Emma Brett

Course Leader and Senior Lecturer, Public Service and Policing

Faculty:Faculty of Arts, Law & Social Sciences

Department:Department of Humanities and Social Sciences

Location: Chelmsford, Cambridge

Areas of Expertise: Public service

Courses taught: Public Service, Public Service (Top-Up), Policing and Criminal Justice

Emma's research interests lie in learning and teaching issues and gender, and she has worked on a wide range of projects looking at topics such as barriers to learning, violence and mental health. Her current research is about the role of HE in the professionalism of police.


Emma is a Learning and Teaching Research Fellow and her publications and conference presentations include work on the internationalisation of the curriculum, dissonance in postgraduate students and overcoming barriers to learning.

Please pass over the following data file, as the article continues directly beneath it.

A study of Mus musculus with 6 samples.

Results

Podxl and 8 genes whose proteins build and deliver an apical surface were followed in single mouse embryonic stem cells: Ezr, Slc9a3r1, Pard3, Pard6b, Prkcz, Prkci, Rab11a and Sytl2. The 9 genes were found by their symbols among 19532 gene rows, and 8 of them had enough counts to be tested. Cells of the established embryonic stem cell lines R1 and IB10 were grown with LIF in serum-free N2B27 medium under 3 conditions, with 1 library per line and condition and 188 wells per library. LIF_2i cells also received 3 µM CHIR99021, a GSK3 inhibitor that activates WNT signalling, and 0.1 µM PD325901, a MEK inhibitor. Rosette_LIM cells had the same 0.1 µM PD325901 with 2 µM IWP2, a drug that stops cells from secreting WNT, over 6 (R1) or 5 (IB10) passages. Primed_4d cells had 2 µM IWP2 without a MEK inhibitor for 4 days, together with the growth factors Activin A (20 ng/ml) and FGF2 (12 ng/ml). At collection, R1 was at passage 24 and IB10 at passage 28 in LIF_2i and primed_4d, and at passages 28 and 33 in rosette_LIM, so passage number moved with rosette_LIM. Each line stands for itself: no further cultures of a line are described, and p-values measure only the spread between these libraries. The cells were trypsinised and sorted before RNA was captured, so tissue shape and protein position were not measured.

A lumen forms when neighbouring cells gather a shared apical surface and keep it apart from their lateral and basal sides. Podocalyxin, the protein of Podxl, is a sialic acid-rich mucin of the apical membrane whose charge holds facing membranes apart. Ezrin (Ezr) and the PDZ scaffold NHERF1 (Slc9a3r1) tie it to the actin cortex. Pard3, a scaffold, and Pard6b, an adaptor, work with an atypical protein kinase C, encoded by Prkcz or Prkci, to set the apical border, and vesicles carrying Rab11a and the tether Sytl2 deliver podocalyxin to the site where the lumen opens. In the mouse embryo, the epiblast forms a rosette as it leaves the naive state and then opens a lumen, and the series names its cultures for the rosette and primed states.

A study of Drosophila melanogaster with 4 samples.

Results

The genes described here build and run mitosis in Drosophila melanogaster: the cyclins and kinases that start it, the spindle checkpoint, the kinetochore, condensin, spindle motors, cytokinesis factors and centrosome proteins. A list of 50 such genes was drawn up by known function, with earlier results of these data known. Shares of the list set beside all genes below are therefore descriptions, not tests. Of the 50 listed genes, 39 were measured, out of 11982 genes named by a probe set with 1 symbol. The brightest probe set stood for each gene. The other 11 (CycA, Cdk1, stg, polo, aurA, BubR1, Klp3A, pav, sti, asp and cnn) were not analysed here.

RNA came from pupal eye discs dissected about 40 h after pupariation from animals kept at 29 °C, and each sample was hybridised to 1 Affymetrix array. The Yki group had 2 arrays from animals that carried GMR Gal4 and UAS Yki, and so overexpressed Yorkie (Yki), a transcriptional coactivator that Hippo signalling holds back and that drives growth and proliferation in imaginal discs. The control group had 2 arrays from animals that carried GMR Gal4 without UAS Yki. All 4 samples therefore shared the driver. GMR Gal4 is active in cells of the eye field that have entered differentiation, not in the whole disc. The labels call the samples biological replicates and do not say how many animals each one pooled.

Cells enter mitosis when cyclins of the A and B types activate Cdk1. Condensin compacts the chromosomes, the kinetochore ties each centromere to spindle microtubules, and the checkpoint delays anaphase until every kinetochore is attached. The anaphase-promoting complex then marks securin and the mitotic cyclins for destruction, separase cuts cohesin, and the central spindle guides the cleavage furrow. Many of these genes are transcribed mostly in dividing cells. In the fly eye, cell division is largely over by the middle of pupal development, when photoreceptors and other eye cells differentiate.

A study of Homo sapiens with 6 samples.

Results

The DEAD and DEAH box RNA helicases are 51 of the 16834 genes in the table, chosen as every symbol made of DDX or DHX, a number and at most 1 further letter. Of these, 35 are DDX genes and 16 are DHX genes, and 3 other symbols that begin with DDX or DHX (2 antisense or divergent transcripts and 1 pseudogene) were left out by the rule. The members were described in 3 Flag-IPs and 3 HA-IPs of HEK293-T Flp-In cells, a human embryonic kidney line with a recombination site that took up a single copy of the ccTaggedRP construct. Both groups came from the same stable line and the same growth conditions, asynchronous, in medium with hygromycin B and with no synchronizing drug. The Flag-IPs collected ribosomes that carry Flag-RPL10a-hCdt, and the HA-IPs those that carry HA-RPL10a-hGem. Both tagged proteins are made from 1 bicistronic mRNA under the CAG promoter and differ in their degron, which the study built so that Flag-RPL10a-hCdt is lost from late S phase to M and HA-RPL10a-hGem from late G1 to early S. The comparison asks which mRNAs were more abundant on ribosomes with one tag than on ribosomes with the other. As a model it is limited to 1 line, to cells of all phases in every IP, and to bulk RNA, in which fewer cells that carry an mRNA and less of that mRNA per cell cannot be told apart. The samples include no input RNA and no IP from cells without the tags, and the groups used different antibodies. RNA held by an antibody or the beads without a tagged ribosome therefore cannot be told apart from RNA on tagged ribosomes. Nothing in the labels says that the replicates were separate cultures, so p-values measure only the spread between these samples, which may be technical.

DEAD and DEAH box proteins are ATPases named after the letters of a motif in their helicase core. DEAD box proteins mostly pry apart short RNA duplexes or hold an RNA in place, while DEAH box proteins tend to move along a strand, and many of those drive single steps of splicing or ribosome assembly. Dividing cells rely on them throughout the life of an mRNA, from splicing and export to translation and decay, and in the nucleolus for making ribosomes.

Research interests

  • Policing and Professionalism
  • Gender and employment
  • Barriers to education and work
  • Learning and teaching


  • Prof Doctoral in Education
  • MA Learning and Teaching (HE)
  • BA (Hons) Sociology

Memberships, editorial boards

  • Fellow, Higher Education Academy
  • Member, Anglia Ruskin University Women’s Network Steering Group

Selected recent publications

Brett, E., 2014. Tracking Routes into Public Service. Networks (published by Anglia Ruskin University), 17 January 2014.

Creighton, E., Freckelton, L., Wisker, G. and Wicks, K., 2003. Internationalisation of the Curriculum and Employability. World Views, UKCOSA, 2003, 11.

Wisker, G., Robinson, G., Trafford, V., Creighton, E. and Warnes, M., 2003. Recognising and Overcoming Dissonance in Postgraduate Student Research. Studies in Higher Education, 28(1).

Wisker, G., Robinson, G., Trafford, V., Creighton, E. and Warnes, M., 2003. From supervisory dialogues to successful PhDs: strategies supporting and enabling the learning conversations of staff and students at postgraduate level. Teaching in Higher Education, 8(3), pp.383-397.